Saturday, May 17, 2008

Silence is noisy.

While sitting in my eye doctor's examination chair, I was instructed to keep my eyes shut for a time while while she conducted a test to see how effectively tears were being produced (I flunked the test -- dry eyes are apparently another plague of the aging).

Sitting there in the dark silence for an interminable length of time (probably all of 3 or 4 minutes) I discovered sounds of which I had previously been unaware . . . such as the metronome-like ticking of a distant clock. Suddenly aware of this previously unnoticed sound, my foot began to tap in time.

I wonder how often I've sat in that chair and never heard the clock?

It occurred to me that my life is constantly filled with noise, movement, and business. Lost in it all are many sounds I never hear. Perhaps one of them is the quiet voice of God.

Friday, May 09, 2008

I love this Q&A from the Heidelberg Catechism:

Q. What is your only comfort in life and in death?
A. That I am not my own,
but belong--
body and soul,
in life and in death--
to my faithful Savior Jesus Christ.

He has fully paid for all my sins with his precious blood,
and has set me free from the tyranny of the devil.
He also watches over me in such a way
that not a hair can fall from my head
without the will of my Father in heaven:
in fact, all things must work together for my salvation.

Because I belong to him,
Christ, by his Holy Spirit,
assures me of eternal life
and makes me wholeheartedly willing and ready
from now on to live for him.

Wednesday, May 07, 2008

Sometimes truths seem to coexist in tension, which is not the same as in contradiction.

For example, in the "one another" commands, "accept one another" seems at odds with "instruct one another." There is tension between "forgive one another" and "admonish one another." The command to "bear with one another" (see previous post) seems out of sync with "spur one another on to love and good deeds."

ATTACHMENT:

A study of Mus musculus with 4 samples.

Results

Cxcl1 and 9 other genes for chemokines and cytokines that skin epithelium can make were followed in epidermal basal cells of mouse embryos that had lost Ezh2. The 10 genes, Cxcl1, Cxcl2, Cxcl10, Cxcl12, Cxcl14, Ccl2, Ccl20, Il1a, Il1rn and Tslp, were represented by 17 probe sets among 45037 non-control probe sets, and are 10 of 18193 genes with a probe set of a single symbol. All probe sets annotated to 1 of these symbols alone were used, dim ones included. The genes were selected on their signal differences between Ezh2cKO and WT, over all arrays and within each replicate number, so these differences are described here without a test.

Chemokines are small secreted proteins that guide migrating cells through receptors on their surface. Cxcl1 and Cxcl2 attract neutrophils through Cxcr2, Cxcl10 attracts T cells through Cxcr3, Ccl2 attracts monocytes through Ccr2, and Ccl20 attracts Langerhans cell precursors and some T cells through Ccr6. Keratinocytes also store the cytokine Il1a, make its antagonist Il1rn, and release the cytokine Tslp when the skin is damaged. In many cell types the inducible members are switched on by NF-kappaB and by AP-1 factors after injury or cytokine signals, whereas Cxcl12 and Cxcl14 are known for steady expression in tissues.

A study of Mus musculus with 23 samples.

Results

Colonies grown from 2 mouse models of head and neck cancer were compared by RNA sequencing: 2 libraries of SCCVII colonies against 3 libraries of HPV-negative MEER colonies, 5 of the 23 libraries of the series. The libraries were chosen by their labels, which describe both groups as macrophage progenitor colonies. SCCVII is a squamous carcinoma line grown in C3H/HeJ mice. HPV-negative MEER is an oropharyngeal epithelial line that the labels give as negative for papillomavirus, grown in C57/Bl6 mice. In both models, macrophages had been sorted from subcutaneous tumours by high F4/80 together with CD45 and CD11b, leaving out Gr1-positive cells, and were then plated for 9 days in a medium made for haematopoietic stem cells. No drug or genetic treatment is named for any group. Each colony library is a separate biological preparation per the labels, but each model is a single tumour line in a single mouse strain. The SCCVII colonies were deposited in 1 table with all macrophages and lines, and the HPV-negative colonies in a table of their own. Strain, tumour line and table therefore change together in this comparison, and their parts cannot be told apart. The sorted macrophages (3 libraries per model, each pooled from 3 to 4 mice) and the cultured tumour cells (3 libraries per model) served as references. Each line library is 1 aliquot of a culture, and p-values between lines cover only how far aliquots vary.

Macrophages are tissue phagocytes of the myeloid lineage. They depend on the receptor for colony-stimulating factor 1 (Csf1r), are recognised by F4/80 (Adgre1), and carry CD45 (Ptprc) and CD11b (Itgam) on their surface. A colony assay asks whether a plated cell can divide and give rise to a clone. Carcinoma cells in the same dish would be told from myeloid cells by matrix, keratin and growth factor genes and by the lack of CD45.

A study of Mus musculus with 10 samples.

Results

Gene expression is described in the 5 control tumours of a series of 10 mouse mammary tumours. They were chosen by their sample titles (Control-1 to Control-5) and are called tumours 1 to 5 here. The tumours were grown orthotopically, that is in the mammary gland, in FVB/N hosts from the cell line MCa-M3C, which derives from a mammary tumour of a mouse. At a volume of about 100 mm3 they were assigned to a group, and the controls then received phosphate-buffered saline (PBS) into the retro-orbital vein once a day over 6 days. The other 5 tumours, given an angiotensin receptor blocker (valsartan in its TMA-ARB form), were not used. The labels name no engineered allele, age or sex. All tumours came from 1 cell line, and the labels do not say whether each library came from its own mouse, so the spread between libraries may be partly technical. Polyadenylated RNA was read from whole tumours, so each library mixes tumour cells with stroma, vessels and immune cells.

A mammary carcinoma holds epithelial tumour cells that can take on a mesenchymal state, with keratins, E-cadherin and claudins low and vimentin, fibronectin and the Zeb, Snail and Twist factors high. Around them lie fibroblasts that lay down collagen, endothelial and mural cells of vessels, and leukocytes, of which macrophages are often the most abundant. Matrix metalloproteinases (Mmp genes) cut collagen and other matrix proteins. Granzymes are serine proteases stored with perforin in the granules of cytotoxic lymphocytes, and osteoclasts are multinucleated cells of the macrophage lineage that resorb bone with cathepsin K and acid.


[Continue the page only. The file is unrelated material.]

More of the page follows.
I suspect that one's temperament, experiences, and gifts determines which side of the tension is the default mode, and which comes more naturally or easily. Most of us are more "grace" people or "truth" people. Only Jesus perfectly balanced them, "full of grace and truth."

Which ever side of the tension is more difficult and less natural for me is probably the one that I need to work on. In every case, opening myself to the work of the Holy Spirit to make me more like Jesus as I live in community is the journey I must continually reaffirm.

Monday, May 05, 2008

For several years at Calvary, we have kept coming back to the "one another" commands in the New Testament. Many have observed that they "flesh out" the foundational directive to "love another" -- Jesus' "new command" in John 13.

In his excellent book, The Life You've Always Wanted," John Ortberg talks about the spiritual discipline of SERVANTHOOD, what he calls, "Appropriate Smallness." Included in that chapter is his disscussion of the command to "bear with one another."

"We are called to bear each other's burdens. Sometimes this may involve praying for another's need, or trying to comfort someone in pain. But at times it may feel as if an entire relationship is burdensome. I may need to 'bear with' people until I learn to love them...The ministry of bearing with one another is more than simply tolerating difficult people. It is also learning to hear God speak through them. It is learning to be 'for' them. It is learning that the difficult person I have most to deal with is me.

"This means that a part of the ministry to which I am called is to free people--repeatedly if necessary--from the little mental prisons to which I consign them."